PM, health officials agree to impose NIS 2,500 penalty on returning Israelis who aren’t tested an additional time under tightened quarantine rules aimed at curbing Omicron spread

Arriving travelers at Ben Gurion Airport, November 28, 2021. (Avshalom Sassoni/Flash90)
Arriving travelers at Ben Gurion Airport, November 28, 2021. (Avshalom Sassoni/Flash90)

Prime Minister Naftali Bennett on Thursday appeared to back an extension of new quarantine requirements for vaccinated Israelis arriving from abroad, agreeing to push for fines of thousands of shekels levied against travelers who do not comply with the new rules.

Amid concerns over the Omicron coronavirus variant, the government this week ordered immunized Israelis coming from abroad to quarantine for at least three days and then take a second COVID-19 test, in addition to a test upon arrival.  Israelis not listed as immunized must spend at least seven days in quarantine before taking a test to get out of isolation. Only those with negative results may exit quarantine.

Amid reports of uneven compliance, officials agreed Thursday to put teeth behind the rules, levying fines of NIS 2,500 ($790) to Israelis who do not get tested on the third or seventh day of quarantine, Bennett’s office said in a statement following a meeting between the premier, Health Minister Nitzan Horowitz and senior government officials.

The statement said the Health Ministry and Israel Police will “synchronize their information systems” to enable the fines to be issued “automatically,” though it was unclear how long it would take to implement the cross-check data system or whether it would survive a legal challenge.

The statement also indicated Bennett and other participants in the meeting will seek to extend the new quarantine rules, which are currently due to expire on December 7.

“The decision will enter into effect in a number of weeks with the completion of the technical preparations for its implementation,” the premier’s office said.

Before the meeting, a report said Bennett and health officials would discuss easing travel restrictions, including possibly scrapping the longer quarantine rules for the vaccinated. Israel has also sealed its borders to non-nationals in a bid to prevent Omicron’s spread.

Prime Minister Naftali Bennett attends a Hanukkah event in Jerusalem on November 29, 2021. (Olivier Fitoussi/Flash90)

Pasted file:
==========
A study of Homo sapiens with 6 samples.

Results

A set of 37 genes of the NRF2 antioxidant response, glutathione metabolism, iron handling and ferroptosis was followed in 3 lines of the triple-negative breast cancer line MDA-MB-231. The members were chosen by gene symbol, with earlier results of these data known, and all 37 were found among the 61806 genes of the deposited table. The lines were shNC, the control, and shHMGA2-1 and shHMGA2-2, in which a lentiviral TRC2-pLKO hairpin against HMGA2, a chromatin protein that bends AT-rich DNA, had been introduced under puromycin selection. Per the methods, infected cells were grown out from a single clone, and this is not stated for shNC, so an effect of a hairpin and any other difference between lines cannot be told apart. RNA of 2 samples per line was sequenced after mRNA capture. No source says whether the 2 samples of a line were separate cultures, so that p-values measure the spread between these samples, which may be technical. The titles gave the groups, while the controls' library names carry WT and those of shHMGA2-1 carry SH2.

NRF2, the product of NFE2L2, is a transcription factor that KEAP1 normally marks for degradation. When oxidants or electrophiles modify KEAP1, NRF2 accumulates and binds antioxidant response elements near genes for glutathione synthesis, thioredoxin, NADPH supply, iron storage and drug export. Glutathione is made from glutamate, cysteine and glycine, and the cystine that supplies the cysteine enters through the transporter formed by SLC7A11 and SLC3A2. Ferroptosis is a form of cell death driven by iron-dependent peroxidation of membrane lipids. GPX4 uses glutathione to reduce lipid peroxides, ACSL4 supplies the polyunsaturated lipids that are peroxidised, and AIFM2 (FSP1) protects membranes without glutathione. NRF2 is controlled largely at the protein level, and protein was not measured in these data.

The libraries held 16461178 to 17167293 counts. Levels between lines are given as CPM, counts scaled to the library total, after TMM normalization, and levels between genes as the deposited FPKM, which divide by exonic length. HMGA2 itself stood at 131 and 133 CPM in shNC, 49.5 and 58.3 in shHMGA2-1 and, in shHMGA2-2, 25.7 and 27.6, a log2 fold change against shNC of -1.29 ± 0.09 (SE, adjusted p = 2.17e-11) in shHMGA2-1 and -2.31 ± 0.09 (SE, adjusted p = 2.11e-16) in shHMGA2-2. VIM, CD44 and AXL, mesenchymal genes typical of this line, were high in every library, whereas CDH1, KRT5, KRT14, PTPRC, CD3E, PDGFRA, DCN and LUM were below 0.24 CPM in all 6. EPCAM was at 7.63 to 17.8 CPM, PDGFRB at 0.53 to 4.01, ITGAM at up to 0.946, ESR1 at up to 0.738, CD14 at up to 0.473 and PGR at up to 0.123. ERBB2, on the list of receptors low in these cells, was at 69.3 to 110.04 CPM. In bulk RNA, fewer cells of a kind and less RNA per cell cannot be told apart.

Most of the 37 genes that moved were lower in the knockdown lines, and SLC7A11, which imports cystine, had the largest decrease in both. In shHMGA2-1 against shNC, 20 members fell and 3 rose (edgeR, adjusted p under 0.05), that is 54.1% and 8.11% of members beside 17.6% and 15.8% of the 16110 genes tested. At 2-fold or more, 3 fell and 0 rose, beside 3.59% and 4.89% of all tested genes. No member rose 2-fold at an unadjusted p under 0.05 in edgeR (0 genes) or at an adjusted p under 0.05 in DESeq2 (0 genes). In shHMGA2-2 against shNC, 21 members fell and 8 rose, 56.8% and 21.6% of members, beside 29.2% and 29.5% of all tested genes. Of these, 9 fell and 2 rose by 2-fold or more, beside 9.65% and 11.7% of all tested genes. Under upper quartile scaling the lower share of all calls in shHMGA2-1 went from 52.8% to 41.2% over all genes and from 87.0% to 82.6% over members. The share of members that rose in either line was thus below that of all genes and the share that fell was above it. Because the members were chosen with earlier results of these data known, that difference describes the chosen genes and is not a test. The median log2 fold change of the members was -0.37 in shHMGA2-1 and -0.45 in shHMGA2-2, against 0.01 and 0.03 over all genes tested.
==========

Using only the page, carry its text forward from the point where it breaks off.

It was not immediately clear how many ministers would back the fines announced by Bennett’s office. Education Minister Yifat Shasha-Biton called earlier in the day for ending the tougher quarantine rules on the vaccinated, amid early indications that immunization protects against the highly-mutated variant.

The Prime Minister’s Office also said Thursday that officials agreed to pilot the “vaccinated community” program, which would include a messaging campaign to encourage inoculation among children and the dispatching of mobile vaccination units to schools and community centers.

The PMO statement said the program would begin in a number of regional councils next week, without elaborating.

Israel has so far confirmed three Omicron cases and is examining a few dozen infections suspected of being caused by the mutated coronavirus strain, which the World Health Organization has categorized as a “variant of concern” following its initial detection in South Africa last month.

Earlier Thursday, Bennett and Horowitz announced the government would not move to extend a controversial surveillance program tracking the phones of people who contracted the Omicron variant, while keeping the door open to bringing back the tool at a later date.

The move followed intense public criticism of the decision to enlist the Shin Bet security agency to use invasive technology as part of contact tracing efforts.

Israelis, some wearing face masks, shop at Jerusalem’s Mahane Yehuda market, December 2, 2021. (Yonatan Sindel/Flash90)

The surveillance program, which was first rolled out last year during the early months of the pandemic, has faced criticism from privacy and rights groups but was praised by officials as helping to stem the spread of the virus by providing the government with the ability to notify Israelis if they were in contact with confirmed virus carriers.

The return of the phone tracking was okayed by the government on Sunday and required Knesset approval to be extended. However, there did not appear to be sufficient support for an extension after several ministers and coalition MKs opposed reviving the program.